Review for The Long Goodbye
The Long Goodbye is a film that at times I cannot quite tell whether I enjoy or not. Based on Raymond Chandler's novel and featuring his most beloved character of Philip Marlowe it should be a dead cert and in some ways it is. If you recognise the character name, you are probably all geared up to see Humphrey Bogart come onto the screen as he did in The Big Sleep and you maybe a little confused seeing Elliott Gould wander into the picture. I say wander, as it seems his version (or Director Robert Altman's version) is just in the wrong place at the wrong time. This makes the film almost feel like a comedy and more akin to the Coen Brothers' The Big Lebowski.
Marlowe, after trying to buy catfood that his cat will eat, is visited by an old friend Terry Lennox who asks him to give him a lift to Tijuana. Next day the police tell him that Terry's wife has been murdered and they think Terry did it. Ony later they find Terry has committed suicide, leaving a note that confesses everything.
Not convinced, Marlowe starts to look for himself. In the middle of this he is hired by Eileen Wade to find her husband, alcoholic writer Roger. This he does in a clinic. While all this is going on, Marlowe is threatened by local gangster Augustine who tells him Terry stole money from him and he thinks Marlowe will know how to get it back. He threatens him in a very shocking way to show that he means business.
All these strings come together with Marlowe having to unravel them all to find out what is going on.
Now, at the very heart of it, the film is certainly watchable. It would be wrong to say that it is not. However, at times, as I say, I was utterly convinced that this was a comedy. Gould's performance is laid back and utterly out of place and at times his mumbled delivery felt like a cross between the voice overs that would accompany most of these films and just mad ramblings. It almost feels like he is still in the 1930/40s and has time traveled to the 1970s and is trying to adjust to the times.
My biggest problem with the film is that because of this tone I can't take much of the film seriously. And there are times such as the Coke Bottle scene with Augustine which is not being played for laughs. However, later a scene which involves a young Arnold Schwarzenegger could only be described as hilarious and in context of what's going on really shouldn't be. This makes the film difficult to watch and if they had just gone one way or the other it would have been fine, but the mix makes it very uneven.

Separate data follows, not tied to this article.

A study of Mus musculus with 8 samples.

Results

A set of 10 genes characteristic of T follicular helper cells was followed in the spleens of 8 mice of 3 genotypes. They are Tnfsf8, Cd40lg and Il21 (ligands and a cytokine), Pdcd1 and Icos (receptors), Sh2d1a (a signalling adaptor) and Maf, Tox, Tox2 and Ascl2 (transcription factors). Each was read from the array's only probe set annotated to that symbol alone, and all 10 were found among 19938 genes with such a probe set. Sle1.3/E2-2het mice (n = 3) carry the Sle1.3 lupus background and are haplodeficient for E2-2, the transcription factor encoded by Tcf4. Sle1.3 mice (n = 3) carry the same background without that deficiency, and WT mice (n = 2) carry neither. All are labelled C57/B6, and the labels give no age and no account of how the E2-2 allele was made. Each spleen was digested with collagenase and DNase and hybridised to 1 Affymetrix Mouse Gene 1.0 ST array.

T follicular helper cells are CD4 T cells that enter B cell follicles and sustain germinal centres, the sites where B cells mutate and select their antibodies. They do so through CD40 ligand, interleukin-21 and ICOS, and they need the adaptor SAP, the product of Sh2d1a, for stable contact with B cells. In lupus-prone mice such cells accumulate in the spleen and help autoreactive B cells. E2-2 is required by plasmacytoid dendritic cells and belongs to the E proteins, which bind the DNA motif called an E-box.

Extras have been piled onto this disk and I have to say that if this was a film without it I probably wouldn't recommend it. As it is, the extras are pretty impressive. Rip Van Marlowe is an interesting making of for the film, though the only people commenting are Director Robert Altman and Elliott Gould. This is a nice mix of stories and does cover a lot about the creation of the film.
Five interviews are nice from the likes of Elliott Gould, Cinematographer Vilmos Zsigmond discussing the making of the film, David Thompson talking about Robert Altman, Tom Williams on Raymond Chandler and Maxim Jakubowski about the Hard Boiled Fiction that the Marlowe universe took place in. All of these are nice ways to get different aspects of the film and I think the only aspect that could have been improved with an interview would be one with John Williams about his music and the many varied uses of the song The Long Goodbye which he composed with Johnny Mercer.
Robert Altman: Giggle and Give In is a great documentary that covers Altman's career up to 1996. Though a good documentary, it is a shame that there is no updated version looking at his later work including Gosford Park, which some could say is almost the test run for writer Julian Fellowes' Downton Abbey.
Finally we have the trailer and radio spots which are pretty nice way to wrap it all up.
The Long Goodbye really should be a great film, but it's only a good film. I enjoyed watching it and even for a huge fan of Chandler I found this take on the Marlowe character to be fun and interesting. Unfortunately, the film around the character is simply not strong enough and when you break it down you realise that nothing much happens. Despite this, you may find some enjoyment in the film and certainly if you are a fan the extras on the disk more than make this a set worth buying.